Data presented at the ESMO 19th World Congress on Gastrointestinal Cancer (WCGI 2017) in Barcelona, Spain (28 June – 1 July) has demonstrated that a novel immunotherapy termed BGB-A317 is generally well-tolerated and exhibits preliminary evidence of anti-tumor activity in hepatocellular carcinoma (HCC) patients.
The preliminary data was obtained from a multi-center, open-label Phase 1a/1b trial of BGB-A317 as monotherapy in advanced solid tumors comprised a Phase 1a component (dose escalation, schedule expansion, and fixed dose expansion) and a Phase 1b component of indication expansion in disease-specific cohorts, which includes an HCC cohort.
In this trial, 40 patients with advanced HCC were administered BGB-A317 at a dose of 5 mg/kg every 3 weeks. Out of the 40 enrolled patients, 34 had a hepatitis B virus (HBV) infection. Out of this, 27 were evaluable for response and 12 remained on treatment. Partial responses were observed in three patients while nine had stable disease.
Lead-author Chia-Jui Yen from the National Cheng Kung University Hospital (Tainan, Taiwan) commented on the findings: “Current treatment options for patients with liver cancer remain unsatisfactory. We are encouraged that in this trial, BGB-A317 demonstrated preliminary anti-tumor activity in patients with hepatitis B virus-positive HCC, a subtype typically associated with poor prognosis.”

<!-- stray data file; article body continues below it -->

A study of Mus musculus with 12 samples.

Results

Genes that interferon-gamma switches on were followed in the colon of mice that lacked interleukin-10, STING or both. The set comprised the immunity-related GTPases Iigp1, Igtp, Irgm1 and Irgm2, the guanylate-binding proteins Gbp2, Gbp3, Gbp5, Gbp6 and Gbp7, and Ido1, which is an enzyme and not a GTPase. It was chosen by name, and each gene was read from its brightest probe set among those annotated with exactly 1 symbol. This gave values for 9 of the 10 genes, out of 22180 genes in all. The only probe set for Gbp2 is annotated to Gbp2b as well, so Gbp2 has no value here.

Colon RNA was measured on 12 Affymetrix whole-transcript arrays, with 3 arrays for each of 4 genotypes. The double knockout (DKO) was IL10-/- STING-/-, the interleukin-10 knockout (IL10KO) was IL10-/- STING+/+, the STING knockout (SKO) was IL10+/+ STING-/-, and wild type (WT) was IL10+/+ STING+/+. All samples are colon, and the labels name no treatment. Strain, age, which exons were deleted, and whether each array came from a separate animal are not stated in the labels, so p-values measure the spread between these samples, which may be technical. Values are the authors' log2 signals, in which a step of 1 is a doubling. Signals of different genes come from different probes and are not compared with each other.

“We are pleased to report preliminary data from HCC patients enrolled in our Phase 1 trial of BGB-A317. We view these early results as encouraging, particularly in this high unmet need indication, and we believe the preliminary safety profile and anti-tumor activity support continued development of BGB-A317 in patients with advanced HCC. We look forward to more mature data in the coming months from these patients, as well as data from additional cohorts of patients in this trial,” commented Amy Peterson, Immuno-oncology at BeiGene.
Adverse events were reported in 53% (n=21/40) of participants: rash (20%), itching (13%), increased AST enzyme (8%), fatigue (5%), hypothyroidism (5%) and decreased appetite (5%).